Vom 8. bis 10. Juni 2011 finden zum zweiten Mal die Vienna Music Research Days an der Universität für Musik und darstellende Kunst Wien statt, organisiert von Peter Tschmuck, Professor am dortigen Institut für Kulturmanagement und Kulturwissenschaft. Das diesjährige Thema der internationalen Tagung ist „Neue Musik-Distributionsmodelle“.

Am 10. Juni findet ein in Kooperation mit dem IJK der Hochschule für Musik, Theater und Medien Hannover der Young Scholars Workshop zum Thema „Innovation in Music Business“ statt, zu dem Nachwuchswissenschaftler aller Disziplinen eingeladen sind, ein Paper für einen Vortrag oder eine Posterpräsentation einzureichen.

Achtung: Die Ausschreibungsfrist wurde um einen Monat auf den Stichtag 2. Mai verlängert!

Die Wiener Tage der Musikwirtschaftsforschung setzen sich zum Ziel, Wissenschafter/-innen aus allen Disziplinen und Praktiker/-innen aus dem Musikbusiness einmal im Jahr in Wien zu versammeln, um sich über aktuelle Fragen und neueste Ergebnisse der Musikwirtschaftsforschung auszutauschen.

Zu den Gästen zählen dieses Mal: Peter Jenner (Musikmanager, U.K.), Steffen Wicker (Geschäftsführer simfy.de, Deutschland), Will Page (PRS for Music, U.K.), Stephan Grulert (General Counsel GSA der EMI)

Weitere Informationen und den detaillierten Programmablauf entnehmen Sie dem Programmflyer (Download) und erhalten Sie im Musikwirtschaftforschungs-Blog von Peter Tschmuck.

Für den am letzten Tag stattfindenden Young Scholars Workshop laden wir Nachwuchswissenschafterinnen und -wissenschaftler aller Disziplinen ein, Beiträge einzureichen, die zum besseren Verständnis der ökonomischen und betriebswirtschaftlichen Probleme sowie der Innovationsprozesse in der Musikwirtschaft beitragen. Gemeinschaftlich erstellte Paper sind willkommen.

Nähere Informationen entnehmen Sie dem Call for Papers (Download PDF):

Call for Papers: Innovation in Music Business

After more than ten years of crisis-ridden times in the music business sector, new successful players like iTunes have established themselves in the music industry. Moreover, young startups like Spotify have been welcomed with open arms.

As new distribution models for music are invented and likely to hit the mass market soon, almost everyone in the music industry seems to expect the business to recover. Based on this background, it is time for a short summary on the past few years: What is the aftermath of the music business crisis? Have we seen the innovation one would expect in a crisis-ridden sector?

Until now we have seen much effort, but little success due to different problematic aspects characterizing the music business sector. For instance, the field of distribution, where the industry’s main profits are earned, is in the hand of just a few big players. Additionally, starting up in the music business seems to be an all-or-nothing gamble, accompanied by exhausting licensing deals and a long period before profits are realized. Therefore, the low success rate of music business entrepreneurs does not seem to be the result of incompetence. As Dalton Caldwell, the founder of the defunct music startup imeem, stated: “Every time a founder does a music startup, a likely-more-successful startup dies”. However, Caldwell also stressed that he misses a greater variety of business models in this sector.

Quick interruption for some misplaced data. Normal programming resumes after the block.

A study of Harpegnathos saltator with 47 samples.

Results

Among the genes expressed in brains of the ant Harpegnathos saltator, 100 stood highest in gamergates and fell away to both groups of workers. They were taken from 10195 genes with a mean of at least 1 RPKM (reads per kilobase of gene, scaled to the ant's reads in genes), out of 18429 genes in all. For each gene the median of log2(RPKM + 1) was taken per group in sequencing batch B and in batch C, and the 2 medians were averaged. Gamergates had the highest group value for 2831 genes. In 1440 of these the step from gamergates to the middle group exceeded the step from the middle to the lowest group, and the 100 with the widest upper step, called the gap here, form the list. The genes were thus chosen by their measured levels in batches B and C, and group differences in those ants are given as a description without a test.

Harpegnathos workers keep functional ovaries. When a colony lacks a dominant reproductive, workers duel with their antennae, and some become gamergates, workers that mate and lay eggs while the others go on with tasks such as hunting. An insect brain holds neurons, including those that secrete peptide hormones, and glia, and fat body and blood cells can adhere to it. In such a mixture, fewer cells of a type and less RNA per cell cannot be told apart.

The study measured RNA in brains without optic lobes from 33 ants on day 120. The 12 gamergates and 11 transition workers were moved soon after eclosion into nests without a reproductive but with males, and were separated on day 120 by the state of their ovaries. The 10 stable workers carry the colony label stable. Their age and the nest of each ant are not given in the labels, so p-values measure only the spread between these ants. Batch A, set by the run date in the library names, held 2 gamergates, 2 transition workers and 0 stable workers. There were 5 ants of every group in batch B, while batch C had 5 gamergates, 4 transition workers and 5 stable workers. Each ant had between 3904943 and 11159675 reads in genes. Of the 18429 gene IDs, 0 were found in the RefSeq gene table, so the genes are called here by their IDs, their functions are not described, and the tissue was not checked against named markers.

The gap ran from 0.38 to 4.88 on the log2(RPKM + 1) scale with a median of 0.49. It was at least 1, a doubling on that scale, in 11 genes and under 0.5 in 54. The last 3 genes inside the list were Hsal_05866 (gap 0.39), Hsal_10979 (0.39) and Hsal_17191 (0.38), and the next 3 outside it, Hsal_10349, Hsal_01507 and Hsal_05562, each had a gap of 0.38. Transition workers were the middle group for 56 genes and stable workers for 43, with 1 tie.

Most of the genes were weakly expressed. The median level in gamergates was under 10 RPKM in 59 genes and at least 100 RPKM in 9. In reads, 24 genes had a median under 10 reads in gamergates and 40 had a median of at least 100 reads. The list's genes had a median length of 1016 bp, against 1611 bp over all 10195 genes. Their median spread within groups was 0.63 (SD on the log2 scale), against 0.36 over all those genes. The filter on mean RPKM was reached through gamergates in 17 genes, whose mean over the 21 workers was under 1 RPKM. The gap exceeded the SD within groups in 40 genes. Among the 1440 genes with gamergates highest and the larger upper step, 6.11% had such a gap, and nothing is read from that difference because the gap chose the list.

One of the main questions of the workshop will address the question of how music business research can support efforts for innovative products and services. According to the Vienna Music Research Days a special focus will be the field of innovation in digital music distribution. This leads to a wide range of related questions:

  • What drives innovation in the music business sector?
  • How can we scientifically understand and differentiate music business models?
  • What do we know about critical success factors?
  • From Atlantic Records to Soundcloud and Spotify: Have the success factors changed –and has music business entrepreneurship in general?
  • What rationalities affect this very “personal” industry?
  • Has the crisis changed the management of music business?
  • What can we learn about the customer’s willingness to pay?
  • Will iTunes control the future distribution market or will the startups set the pace?
  • And how can music business research support efforts for innovative business models?

These and other questions will be discussed at the Young Scholar’s Workshop “Innovation in Music Business” as part of the second Vienna Music Business Research Days. In addition, we want to hypothesize on the industry’s future prospects.

A maximum of 25 participants will be selected to guarantee a workshop atmosphere. The sessions combine paper presentations and discussions including interactive elements.

The workshop organizers Prof. Dr. Carsten Winter (University of Music, Drama and Media Hanover) and Prof. Dr. Peter Tschmuck (University of Music and Performing Arts Vienna) welcome submissions from scholars of all disciplines exploring questions that will help to understand economic and managerial problems as well as processes of innovation in the music business sector.

We strongly encourage submissions from students at all levels of the MA & PhD. Collaborative (co-authored, co-facilitated, co-led) work is welcome.

Papers are due by 2. May 2011.

Please email your submission to viennamusicresearch@ijk.hmtm-hannover.de

Proposals must be submitted in a portable document format (pdf) and should include:

  • a short paper of a maximum of 1500 words and/or a draft of the poster you would like to present (both should include an abstract of 1000 characters)
  • a separate sheet with contact information, including affiliation, e-mail, telephone and postal address of the author(s).